In politics, beware of good intentions.
Eight years ago, Californians approved an idealistic new system for picking general election candidates — one that was billed as an antidote to polarization. Instead of having voters of each party select a nominee to put before the overall electorate in November, the idea was to throw all the candidates onto a single June primary ballot. The top-two finishers, regardless of their political affiliation, would be put on the November ballot.
In theory, Proposition 14 was to act as an incentive for moderation and inclusion, because it would force primary candidates to reach for the largest swath of voters they could across the political spectrum.
“It will take power away from the parties,” then-Gov. Arnold Schwarzenegger, a moderate Republican, promised. “There’s no two ways about that. That’s exactly what we wanted.”
Instead of statesmanship, the top-two system in California has this year fostered chaos and gamesmanship heading into Tuesday’s primary.
The problem starts with the fact that Democratic enthusiasm in the Trump era has brought in a flood of candidates, many running for the first time. In principle, that’s a healthy thing. But their numbers mean they are likely to slice the Democratic vote so thinly that it will help the Republicans.
The top-two system has also helped make primary battles extraordinarily expensive, on a scale normally seen in general elections. In one Southern California race, the 39th district where 17 candidates will be on the ballot to replace retiring Republican Edward Royce, three Democrats have spent close to $8 million. Much of that money went toward beating up on each other, until the party stepped in to broker a truce between two of them, Gil Cisneros and Andy Thorburn. Meanwhile, leading Republican contender Young Kim — who will almost certainly finish in the top two — has spent less than $700,000.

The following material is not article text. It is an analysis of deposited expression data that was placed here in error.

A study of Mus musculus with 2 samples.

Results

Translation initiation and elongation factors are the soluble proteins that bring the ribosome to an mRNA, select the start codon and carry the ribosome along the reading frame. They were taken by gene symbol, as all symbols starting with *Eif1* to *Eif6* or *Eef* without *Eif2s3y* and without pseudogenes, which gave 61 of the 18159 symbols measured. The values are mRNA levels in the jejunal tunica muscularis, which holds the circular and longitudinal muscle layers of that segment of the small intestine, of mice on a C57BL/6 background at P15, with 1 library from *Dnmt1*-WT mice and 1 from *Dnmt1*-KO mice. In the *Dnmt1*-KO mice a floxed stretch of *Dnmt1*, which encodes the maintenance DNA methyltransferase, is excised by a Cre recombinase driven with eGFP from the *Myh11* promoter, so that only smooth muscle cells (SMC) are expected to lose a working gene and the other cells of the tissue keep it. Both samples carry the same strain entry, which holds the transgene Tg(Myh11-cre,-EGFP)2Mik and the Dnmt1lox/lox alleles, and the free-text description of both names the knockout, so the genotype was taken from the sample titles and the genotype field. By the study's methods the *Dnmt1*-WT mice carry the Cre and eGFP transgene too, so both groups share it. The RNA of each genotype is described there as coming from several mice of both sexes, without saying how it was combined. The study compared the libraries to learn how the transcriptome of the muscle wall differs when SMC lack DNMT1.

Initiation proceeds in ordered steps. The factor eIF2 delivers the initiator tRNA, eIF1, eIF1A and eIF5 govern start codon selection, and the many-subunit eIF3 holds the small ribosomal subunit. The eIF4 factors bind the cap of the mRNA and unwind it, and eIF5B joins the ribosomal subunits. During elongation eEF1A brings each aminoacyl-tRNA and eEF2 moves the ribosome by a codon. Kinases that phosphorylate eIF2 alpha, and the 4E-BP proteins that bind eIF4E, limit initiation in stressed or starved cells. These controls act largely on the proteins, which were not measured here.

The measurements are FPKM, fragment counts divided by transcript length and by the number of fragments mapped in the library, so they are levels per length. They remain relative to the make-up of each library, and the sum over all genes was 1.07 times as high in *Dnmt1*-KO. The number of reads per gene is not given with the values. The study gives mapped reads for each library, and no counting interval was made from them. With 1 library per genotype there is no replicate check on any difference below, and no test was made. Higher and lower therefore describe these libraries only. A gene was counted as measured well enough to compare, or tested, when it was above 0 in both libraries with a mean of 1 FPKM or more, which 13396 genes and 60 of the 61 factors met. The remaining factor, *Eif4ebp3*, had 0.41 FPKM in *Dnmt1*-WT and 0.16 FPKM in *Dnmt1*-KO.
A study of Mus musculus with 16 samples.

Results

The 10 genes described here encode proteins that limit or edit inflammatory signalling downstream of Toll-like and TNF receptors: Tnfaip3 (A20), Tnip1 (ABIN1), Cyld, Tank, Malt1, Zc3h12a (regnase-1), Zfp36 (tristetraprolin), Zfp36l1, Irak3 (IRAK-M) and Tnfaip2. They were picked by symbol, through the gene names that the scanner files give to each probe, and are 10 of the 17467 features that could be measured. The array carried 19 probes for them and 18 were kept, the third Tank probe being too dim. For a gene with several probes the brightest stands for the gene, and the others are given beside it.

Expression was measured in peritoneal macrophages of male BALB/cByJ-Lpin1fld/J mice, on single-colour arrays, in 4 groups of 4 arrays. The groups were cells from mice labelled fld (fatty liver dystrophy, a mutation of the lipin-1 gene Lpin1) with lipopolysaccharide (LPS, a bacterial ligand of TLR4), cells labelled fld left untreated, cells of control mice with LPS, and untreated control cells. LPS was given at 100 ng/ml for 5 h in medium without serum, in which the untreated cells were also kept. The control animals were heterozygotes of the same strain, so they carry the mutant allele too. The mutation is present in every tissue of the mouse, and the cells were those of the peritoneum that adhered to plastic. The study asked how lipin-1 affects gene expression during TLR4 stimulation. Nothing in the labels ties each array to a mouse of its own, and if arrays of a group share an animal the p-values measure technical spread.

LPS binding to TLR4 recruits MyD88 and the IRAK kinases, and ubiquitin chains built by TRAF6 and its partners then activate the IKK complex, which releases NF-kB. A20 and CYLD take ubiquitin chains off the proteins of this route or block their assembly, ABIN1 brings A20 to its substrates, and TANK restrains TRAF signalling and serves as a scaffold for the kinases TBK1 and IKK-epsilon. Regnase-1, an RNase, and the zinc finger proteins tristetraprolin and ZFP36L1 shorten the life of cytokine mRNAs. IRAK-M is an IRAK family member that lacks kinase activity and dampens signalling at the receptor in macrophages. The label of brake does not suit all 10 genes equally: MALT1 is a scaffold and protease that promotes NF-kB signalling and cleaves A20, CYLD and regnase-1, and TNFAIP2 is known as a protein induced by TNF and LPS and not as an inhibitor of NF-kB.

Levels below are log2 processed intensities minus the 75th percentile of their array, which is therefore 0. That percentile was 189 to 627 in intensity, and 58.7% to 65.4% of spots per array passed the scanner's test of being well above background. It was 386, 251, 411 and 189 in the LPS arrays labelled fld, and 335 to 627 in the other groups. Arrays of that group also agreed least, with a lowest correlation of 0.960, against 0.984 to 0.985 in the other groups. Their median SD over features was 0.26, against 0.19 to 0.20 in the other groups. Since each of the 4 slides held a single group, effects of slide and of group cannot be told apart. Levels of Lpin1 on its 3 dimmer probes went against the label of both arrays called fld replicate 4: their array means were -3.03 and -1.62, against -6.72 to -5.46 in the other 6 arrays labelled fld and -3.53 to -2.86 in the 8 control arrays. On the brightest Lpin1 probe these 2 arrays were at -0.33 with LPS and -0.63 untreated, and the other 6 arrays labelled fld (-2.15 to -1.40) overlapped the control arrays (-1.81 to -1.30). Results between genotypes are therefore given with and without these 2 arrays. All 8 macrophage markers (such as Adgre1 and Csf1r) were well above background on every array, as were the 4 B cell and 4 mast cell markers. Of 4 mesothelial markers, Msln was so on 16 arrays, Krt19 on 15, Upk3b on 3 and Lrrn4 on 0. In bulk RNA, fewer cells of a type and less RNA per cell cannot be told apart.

In 2016, Democrats exulted when no Republican made it out of the U.S. Senate primary. But that probably did not change the result of the race. Then-Attorney General Kamala Harris would most likely have had an easy victory under any scenario.
The primary, on the other hand, could completely reshape the November outcome — and Democrats are in a panic over it. California offers a large trove of potential Democratic pickups, because seven Republicans now represent districts that voted for Hillary Clinton in 2016. Those are some of the Democrats’ best hopes of gaining the 23 seats needed across the country to take back control of the House — unless their best candidates get tripped up.
“I voted for the ballot initiative, and I deeply regret it,” said Sara Jacobs. She is a Democrat running for a congressional seat being vacated with the retirement of Republican Rep. Darrell Issa. That should be a ripe target for her party, given that Clinton won the district by eight points.
But Jacobs is one of four Democrats in the race, all of them well-funded. Republicans have a clear front-runner in three-term state Assemblyman Rocky Chavez, while the Democrats are battling so intensely that it is possible another Republican could slide into the No. 2 spot.
Republicans have a nightmare scenario of their own, one that will play out at the top of the ballot. It is possible that two Democrats — Lt. Gov. Gavin Newsom and former Los Angeles mayor Antonio Villaraigosa — will advance to November, which no doubt would severely depress overall GOP turnout in the general election. So Republicans, including President Donald Trump via tweet, are scrambling to boost their strongest contender, San Diego businessman John Cox.
A recent poll by The Los Angeles Times indicates that 50 percent of voters in this deep-blue state still approve of the system they voted into place in 2010. But they may feel differently after they see the results on Tuesday.
Elections should be about giving voters a choice. A well-intentioned experiment in the country’s most-populous state may end up doing just the opposite.